In a will it possible to leave a sum subject to a precatory trust to which s 143 IHTS will apply. I understand that if the legatee does not otherwise benefit under the will, he or she can give the funds to charity within two years under the gift aid scheme with the legatee obtaining higher rate tax relief and the charity recovering the basic rate. Is that the case?
Is it possible for a similar precatory trust to be included in a deed of variation by a residuary beneficiary giving a legacy subject to a precatory trust to a legatee who does not benefit otherwise under the will or the deed of variation, with the same effect for gift aid purposes?
I recall that some years ago, HMRC curtailed the ability to claim both s.143 relief and gift aid on the same monies – it was one or other and not both.
If that is correct, then the same will apply to any attempt to re-create an arrangement by an instrument of variation. I also wonder if the creation of such an arrangement via a variation might be seen by HMRC as an attempt to manufacture a tax advantage.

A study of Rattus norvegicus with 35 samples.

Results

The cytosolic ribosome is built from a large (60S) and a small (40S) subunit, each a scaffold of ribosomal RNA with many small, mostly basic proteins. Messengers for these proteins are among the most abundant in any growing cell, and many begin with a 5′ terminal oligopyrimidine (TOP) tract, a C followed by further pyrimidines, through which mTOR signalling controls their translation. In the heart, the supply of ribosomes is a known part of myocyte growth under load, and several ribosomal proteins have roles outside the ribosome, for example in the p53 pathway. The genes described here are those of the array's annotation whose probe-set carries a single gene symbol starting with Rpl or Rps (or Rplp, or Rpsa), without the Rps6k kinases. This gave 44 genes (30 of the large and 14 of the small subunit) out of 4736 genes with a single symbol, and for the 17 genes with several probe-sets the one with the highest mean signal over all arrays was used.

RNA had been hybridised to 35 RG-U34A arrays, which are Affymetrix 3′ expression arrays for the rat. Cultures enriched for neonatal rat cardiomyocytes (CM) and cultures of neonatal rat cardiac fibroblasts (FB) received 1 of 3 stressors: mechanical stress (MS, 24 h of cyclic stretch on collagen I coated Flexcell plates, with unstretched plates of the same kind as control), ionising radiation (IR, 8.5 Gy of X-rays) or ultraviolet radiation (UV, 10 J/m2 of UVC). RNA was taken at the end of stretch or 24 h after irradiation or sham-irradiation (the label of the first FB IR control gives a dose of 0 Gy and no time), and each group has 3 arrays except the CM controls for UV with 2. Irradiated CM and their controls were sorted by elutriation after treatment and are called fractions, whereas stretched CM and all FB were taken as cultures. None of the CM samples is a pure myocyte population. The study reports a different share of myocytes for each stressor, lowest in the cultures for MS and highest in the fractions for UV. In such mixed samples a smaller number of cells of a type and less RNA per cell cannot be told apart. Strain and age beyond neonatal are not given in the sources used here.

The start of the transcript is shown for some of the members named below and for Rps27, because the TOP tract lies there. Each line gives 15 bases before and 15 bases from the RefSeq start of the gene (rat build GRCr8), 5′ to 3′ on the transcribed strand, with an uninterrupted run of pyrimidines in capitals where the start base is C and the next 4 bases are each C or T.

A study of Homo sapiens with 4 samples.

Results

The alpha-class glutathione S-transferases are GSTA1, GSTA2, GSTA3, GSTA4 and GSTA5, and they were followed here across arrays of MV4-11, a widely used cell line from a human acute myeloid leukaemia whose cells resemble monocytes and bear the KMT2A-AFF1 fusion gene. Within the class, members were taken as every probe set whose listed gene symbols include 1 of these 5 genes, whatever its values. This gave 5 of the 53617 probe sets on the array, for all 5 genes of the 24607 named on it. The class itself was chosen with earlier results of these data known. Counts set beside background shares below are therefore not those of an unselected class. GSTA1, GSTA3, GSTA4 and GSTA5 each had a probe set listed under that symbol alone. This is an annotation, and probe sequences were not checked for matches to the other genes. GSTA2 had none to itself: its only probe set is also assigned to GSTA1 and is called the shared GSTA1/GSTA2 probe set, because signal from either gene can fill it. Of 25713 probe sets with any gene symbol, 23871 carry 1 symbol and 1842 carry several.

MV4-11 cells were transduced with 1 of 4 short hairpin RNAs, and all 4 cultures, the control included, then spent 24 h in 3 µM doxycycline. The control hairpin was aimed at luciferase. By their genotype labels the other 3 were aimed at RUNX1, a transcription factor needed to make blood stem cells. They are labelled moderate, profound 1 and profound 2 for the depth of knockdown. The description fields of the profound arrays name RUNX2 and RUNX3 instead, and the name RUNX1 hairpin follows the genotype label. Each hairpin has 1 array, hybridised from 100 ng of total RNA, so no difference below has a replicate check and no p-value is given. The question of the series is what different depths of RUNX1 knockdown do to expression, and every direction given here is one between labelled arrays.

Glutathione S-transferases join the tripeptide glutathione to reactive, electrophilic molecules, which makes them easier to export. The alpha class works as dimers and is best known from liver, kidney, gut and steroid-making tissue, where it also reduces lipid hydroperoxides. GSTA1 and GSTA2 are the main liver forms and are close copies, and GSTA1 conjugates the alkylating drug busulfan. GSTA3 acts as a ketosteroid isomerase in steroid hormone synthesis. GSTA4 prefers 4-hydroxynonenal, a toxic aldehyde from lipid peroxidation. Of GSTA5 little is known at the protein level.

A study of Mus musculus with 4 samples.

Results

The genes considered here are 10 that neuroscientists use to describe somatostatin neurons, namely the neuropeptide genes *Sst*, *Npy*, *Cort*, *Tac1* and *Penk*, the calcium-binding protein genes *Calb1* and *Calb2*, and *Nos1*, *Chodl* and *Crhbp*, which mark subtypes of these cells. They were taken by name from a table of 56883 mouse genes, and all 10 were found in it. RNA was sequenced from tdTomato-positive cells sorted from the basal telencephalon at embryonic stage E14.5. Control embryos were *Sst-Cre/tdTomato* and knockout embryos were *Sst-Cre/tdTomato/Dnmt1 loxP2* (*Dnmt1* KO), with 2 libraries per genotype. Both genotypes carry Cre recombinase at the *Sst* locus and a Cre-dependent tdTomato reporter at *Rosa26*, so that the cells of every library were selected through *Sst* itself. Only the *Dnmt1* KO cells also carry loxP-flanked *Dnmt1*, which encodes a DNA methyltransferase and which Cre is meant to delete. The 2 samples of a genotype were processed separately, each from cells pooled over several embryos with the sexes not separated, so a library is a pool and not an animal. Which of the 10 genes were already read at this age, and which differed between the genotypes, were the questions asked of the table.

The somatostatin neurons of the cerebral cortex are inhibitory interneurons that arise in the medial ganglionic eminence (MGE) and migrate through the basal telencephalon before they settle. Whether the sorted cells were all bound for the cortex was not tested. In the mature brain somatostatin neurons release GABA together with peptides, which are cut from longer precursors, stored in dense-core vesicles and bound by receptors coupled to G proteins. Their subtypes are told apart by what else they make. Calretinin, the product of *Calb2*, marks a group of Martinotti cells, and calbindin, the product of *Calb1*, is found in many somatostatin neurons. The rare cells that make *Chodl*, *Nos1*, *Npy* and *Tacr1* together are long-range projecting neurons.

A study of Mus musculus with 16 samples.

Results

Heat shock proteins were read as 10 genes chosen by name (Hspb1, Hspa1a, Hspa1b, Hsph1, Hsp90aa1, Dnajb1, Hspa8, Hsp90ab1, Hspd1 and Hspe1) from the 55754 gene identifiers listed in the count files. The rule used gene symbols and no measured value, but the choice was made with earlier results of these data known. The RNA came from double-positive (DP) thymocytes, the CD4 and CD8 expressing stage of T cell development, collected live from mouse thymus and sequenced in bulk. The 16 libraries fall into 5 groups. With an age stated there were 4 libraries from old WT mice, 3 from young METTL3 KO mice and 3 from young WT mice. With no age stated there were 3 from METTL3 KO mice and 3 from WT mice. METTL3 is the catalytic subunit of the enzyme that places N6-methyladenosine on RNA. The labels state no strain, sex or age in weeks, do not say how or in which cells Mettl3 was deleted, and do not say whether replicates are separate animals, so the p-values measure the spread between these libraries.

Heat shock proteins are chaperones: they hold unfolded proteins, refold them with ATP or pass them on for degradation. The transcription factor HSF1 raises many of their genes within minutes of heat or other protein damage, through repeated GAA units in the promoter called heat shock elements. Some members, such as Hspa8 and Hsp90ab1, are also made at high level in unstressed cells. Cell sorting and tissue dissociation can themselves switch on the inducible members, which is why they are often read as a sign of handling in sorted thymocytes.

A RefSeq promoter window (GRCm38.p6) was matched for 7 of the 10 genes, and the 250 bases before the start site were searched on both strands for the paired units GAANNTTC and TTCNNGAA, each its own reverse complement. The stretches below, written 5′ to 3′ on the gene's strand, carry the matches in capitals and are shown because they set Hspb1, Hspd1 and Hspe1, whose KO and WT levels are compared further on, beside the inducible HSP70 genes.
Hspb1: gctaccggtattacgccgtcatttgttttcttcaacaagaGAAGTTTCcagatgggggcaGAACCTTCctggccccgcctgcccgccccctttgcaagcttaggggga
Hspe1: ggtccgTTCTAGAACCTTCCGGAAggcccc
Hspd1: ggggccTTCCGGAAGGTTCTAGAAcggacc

It is possible for a legatee to obtain a gift aid deduction and any IHT on the testator’s estate to be reduced where a DoV is adopted.
However, it would seem that the key point to note is that gift aid relief requires the donor not to benefit due to having made the gift. St Dunstan’s v Major  and RM Harris. v HMRC  are two cases which HMRC won by successfully arguing that in those cases the donor did receive a benefit and gift aid was denied (reduction in the IHT on the testator’s estate accrued for the residuary beneficiary’s benefit who had made the gift).
Ss 142 and 144 can be used in combination so is it not the case ss 142 and 143 can similarly be twinned?
This point is actually addressed in our book, Taxation of Charities and Non-profit Organisations (Kessler, Wong, Birkbeck). See chapter 28 on ‘Obtaining IT and IHT Reliefs on Gifts by Will or IoV’. See also the St Dunstan’s case.
The short answer is that no, you can’t get both, as the s143 relief constitutes a benefit which rules out the IT relief. This would also apply for a variation. There are sometimes ways to get to a similar result, however - for example by using Qualifying Investment Donation Relief.
Old Square Tax Chambers
Ross, I have looked at Kessler et al’s book to which you refer in your post.
Unless I have misunderstood it, the book seems to confirm that the double dip arrangement (re s143) is in principle effective although in your post you say otherwise?
Ross, any chance you could comment on my post following yours?